How Can I Increase My Advisor’s Accountability for Investment Performance?

Every investor who relies on financial advisors to help them achieve their financial goals should be asking themselves how they can increase their advisor’s accountability for investment performance. Why ask the question? Most advisors go to great lengths to avoid accountability.

Here is an example. You select an advisor who convinces you to invest your assets in five mutual funds. You buy the recommended investments and you experience very poor performance over the next two years. Who is responsible for the bad performance, the funds or the advisor who recommended the funds? The advisor wants you to blame the funds so he can retain his relationship with you. He says it is not his fault the funds failed to deliver competitive performance. I disagree. The funds and the advisor who recommended them are both accountable. You should sell the funds and terminate your relationship with the advisor who sold you the funds. 

Increased advisor accountability starts with you. You have to be willing to take the time to put your performance expectations in writing and the advisor has to agree in writing that your performance requirements are realistic and achievable. Now the advisor is accountable and you have a tool for measuring his results.

Why a written document? Performance is too important a topic to rely on verbal communications. There is no misinterpretation or misunderstandings if your requirements and the advisor’s response are in writing.

Next, you need a report system that monitors the performance of your assets. Your advisor will provide a brokerage statement that documents your holdings, dividend and interest income, and transactions. You also need a report that documents your performance before and after the deduction of all expenses. Your advisor should not control this report – the potential conflicts of interest are too great. The report you depend on should come from an independent third party who does not benefit financially from your decisions.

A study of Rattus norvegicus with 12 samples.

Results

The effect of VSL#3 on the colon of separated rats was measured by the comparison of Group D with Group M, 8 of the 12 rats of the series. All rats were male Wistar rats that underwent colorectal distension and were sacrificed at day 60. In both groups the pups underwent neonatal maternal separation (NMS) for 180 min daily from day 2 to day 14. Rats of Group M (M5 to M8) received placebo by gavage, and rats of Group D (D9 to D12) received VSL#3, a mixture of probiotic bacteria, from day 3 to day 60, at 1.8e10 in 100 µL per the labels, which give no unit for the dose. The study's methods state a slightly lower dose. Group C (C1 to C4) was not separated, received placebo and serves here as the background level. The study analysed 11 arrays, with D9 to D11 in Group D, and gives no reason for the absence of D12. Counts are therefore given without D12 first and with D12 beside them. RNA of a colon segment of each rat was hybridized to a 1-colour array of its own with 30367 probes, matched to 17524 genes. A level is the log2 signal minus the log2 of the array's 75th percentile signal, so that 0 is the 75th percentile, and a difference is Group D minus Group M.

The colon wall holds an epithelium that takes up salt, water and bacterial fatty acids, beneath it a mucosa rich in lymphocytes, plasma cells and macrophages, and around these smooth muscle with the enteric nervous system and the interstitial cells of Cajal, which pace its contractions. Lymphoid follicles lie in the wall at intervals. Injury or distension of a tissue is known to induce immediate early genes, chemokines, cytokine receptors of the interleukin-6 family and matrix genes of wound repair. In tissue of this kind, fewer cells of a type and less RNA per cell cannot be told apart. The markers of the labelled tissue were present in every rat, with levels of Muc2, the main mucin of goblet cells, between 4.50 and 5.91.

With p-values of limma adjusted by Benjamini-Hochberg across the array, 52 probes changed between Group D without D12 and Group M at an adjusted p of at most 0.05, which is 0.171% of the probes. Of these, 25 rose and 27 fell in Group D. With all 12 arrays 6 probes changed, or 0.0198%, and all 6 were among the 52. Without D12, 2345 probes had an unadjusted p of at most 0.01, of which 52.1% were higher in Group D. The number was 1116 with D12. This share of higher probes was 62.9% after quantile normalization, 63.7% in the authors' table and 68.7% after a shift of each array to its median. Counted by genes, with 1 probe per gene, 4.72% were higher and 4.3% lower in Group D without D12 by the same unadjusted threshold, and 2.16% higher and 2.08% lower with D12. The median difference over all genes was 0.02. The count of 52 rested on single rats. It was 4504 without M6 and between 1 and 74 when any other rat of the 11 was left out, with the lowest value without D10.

Last, you need a realistic benchmark that contains multiple asset classes and uses allocation to reflect your tolerance for risk. The benchmark is your tool for determining your advisor’s relative performance. Based on the agreement with your advisor, he is accountable for outperforming your benchmark.

If you are not inclined to develop your own tools, you can use free tools you will find on the website.


worked in the financial services industry for 28 years. For 21 years he was the president and chief investment officer of a registered investment advisory firm with more than 50,000 clients. He left the industry in 2003 when his book (Who's Watching Your Money?) was published by John Wiley. That same year he launched an investor information website ( that was based on the principles in his book. Jack is a columnist for Worth magazine, a frequent blogger on major financial sites, and widely quoted in the media including the Wall Street Journal, Forbes, BusinessWeek, Bloomberg, and Kiplinger.

2 Responses to How Can I Increase My Advisor’s Accountability for Investment Performance?

  1. Pingback: Investor Apathy Creates Major Financial RisksPaladin Registry Blog

  2. Samuel Yan says:


    It’s a surprise to find your website today and read through a lot of your posts so far. I talked to many advisors and ask them to produce some charts like the ones I have on my site. None of them can. But all of them are interested in portfolio performance. Most of them just worry about regulatory issues to use any tools like mine. That’s too bad.

    I am still reading your article and how we can connect in someway.